My favorite vegetarian food in Romania

The Romanian kitchen has a lot of dishes with meat in it, so before I traveled in Romania I was a bit concerned if I would like the food as a vegetarian. But those worries were unnecessary. There are a lot of nice vegetarian dishes to try in Romania. I lived for a couple of months in Romania and in this blog I share my favorite vegetarian food in Romania!

Also read: everything you need to know before you travel to Romania


1. Menu de poste: the Romanian vegetarian menu

Most Romanian restaurants – especially the ones with traditional food – have a “meniu de post”. This is a menu for Orthodox-Christians that don’t eat meat sometimes because of religious reasons. They fast, but it only means that they will not eat meat. Because they can eat vegetarian dishes you can always ask for that extra menu with vegetarian options. If the menu is not on the table, don’t worry: you can ask the staff about the menu de post options.

2. Use HappyCow to find vegetarian and vegan restaurants

I use HappyCow a lot to check and find vegetarian and vegan restaurants in the area. With the app I found Bistro Raw Vegan in Bucharest (the food is delicious and the prices are fair) and Rawdia in Brasov (I would recommend to get the daily changed lunch menu with soup and a dish). HappyCow has an app and a website where you can search for vegetarian and vegan restaurants (or restaurants that have those options).


1. Zacuscă

Zacuscă is so delicious! The first time I tried zacuscă was in Buila-Vânturarita and ever since I am addicted to this spread. Zacuscă is made with roasted eggplants, onion, tomatoes and bell peppers. It tastes a bit like baba ganoush, my favorite mezze from the Middle East. Most Romanian families have a lot of zacuscă in stock, especially in winter time. You can use zacuscă as a spread on your bread in the morning, but you can also use it as a dip for lunch, dinner or a snack.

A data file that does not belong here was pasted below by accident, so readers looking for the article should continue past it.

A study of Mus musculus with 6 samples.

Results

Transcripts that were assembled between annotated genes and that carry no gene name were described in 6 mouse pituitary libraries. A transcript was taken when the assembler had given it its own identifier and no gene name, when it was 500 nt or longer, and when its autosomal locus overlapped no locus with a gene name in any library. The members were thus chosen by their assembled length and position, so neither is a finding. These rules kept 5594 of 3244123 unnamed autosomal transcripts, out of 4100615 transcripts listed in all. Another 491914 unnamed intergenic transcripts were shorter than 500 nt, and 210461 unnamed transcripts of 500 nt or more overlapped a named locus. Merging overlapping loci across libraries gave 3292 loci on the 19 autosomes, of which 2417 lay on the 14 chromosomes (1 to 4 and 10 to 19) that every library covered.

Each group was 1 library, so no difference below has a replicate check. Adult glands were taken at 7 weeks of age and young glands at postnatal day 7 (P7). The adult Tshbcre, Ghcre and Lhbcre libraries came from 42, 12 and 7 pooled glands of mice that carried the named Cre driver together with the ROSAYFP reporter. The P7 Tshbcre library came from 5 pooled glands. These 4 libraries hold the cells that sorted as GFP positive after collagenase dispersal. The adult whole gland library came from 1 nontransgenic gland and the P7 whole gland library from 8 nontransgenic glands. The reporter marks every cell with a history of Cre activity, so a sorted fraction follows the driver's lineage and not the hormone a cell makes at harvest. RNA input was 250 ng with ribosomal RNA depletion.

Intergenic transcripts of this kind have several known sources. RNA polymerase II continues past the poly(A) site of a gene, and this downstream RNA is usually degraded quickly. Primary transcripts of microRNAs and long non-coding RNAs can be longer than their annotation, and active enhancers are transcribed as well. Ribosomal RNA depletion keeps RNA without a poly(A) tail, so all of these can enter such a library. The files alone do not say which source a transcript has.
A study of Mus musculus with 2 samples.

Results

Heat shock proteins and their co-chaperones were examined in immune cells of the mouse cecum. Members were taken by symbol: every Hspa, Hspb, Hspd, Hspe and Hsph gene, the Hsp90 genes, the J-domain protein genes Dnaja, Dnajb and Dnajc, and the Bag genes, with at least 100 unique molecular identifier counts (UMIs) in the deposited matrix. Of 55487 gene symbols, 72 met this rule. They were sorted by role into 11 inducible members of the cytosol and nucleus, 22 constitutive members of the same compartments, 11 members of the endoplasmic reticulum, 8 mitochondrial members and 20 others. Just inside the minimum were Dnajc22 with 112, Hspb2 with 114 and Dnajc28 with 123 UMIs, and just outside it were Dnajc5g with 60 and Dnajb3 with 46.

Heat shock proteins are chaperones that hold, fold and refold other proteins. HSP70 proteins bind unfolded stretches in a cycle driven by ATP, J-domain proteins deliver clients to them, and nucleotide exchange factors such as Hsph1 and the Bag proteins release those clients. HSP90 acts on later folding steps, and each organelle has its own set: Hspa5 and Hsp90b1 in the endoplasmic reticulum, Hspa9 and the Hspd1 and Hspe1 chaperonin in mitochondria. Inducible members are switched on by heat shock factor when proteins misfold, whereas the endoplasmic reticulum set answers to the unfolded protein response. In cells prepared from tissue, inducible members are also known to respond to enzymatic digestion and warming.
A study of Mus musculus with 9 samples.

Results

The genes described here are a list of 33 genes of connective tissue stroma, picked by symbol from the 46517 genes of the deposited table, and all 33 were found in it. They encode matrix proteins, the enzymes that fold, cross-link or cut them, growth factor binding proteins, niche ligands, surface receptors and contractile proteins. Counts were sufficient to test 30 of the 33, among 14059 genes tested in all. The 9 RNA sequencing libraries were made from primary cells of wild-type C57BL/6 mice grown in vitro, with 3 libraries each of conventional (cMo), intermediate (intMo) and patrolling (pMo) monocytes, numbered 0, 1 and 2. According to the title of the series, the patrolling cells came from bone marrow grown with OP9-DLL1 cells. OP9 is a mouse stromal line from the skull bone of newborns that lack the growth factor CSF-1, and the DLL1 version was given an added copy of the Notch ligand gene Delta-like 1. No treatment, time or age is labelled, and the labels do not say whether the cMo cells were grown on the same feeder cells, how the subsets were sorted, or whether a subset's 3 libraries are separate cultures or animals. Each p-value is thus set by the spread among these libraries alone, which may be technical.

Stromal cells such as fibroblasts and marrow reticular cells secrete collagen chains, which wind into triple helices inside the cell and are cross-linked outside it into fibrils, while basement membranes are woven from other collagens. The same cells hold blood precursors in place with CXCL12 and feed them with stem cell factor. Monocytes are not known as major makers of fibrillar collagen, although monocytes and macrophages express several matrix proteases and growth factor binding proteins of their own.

A Romanian dish that you can serve me every day to make me happy is sarmale. Sarmale is a dish that is made of stuffed cabbage rolls. They fill it with minced vegetables, spices and rice for the vegetarian version. They put minced meat in it as well, unless you ask for the vegetarian sarmale. Most of the times they use cabbage leaves to make sarmale, but in some regions they use wine leaves as well. Especially in families and places where they produce wine. Sarmale is served with mămăligă and chili peppers.


3. Mămăligă

So mămăligă is not really a main dish, but it’s probably the most important side dish in Romania. Mămăligă is the Romanian version of polenta (originally from Italy). It looks a lot like mashed potatoes, but the taste is more neutral and polenta is not as soft as mashed potatoes. Mămăligă is made out of maize flour and the best ones have some melted butter on top of it. In general they serve mămăligă with sour cream.

4. Bulz

Bulz is vegetarian food in Romania that is less well known. It’s basically a ball of mămăligă, filled with soft cheese and then roasted in an oven or on the grill. In general it’s served with a fried egg on top of it.

5. Vegetable soup

For most Romanians the lunch is the most important meal of the day. And they will not have lunch without some soup. In general it’s soup, main dish AND dessert if they wanna enjoy a good lunch. So soups are really important for Romanians and there are a lot of options. Also a lot of vegetarian ones fortunately. One of my favorites is the classic vegetable soup. On menus you can find the soups either under ‘supa’ or ‘ciorba’.

6. Mushroom soup

Mushrooms are really popular in most Romanian dishes. They simply love mushrooms. And that’s a good thing for vegetarians, because mushrooms are a great meat substitute for vegetarians!


And there is some more inspiration for vegetarian soups in Romania. Borscht is a popular soup in Eastern European countries like Ukraine and Poland. This soup is made of beetroot. Sometimes they add meat to the soup, so ask in restaurants if you can have the vegetarian borscht.

8. Papanasi

The most famous dessert in Romania is papanasi… and it’s for vegetarians as well! You pronounce it as ‘papanash’, because in Romanian language you don’t pronounce the -i at the end of the words. Papanasi is a deep fried bun filled with soft cheese and topped with sour cream, jam and some berries or cherries. Super delicious and a perfect way to end your dinner.


This is my favorite vegetarian food in Romania, but maybe you know more vegetarian dishes in Romania? Let me and other travellers know via the comments!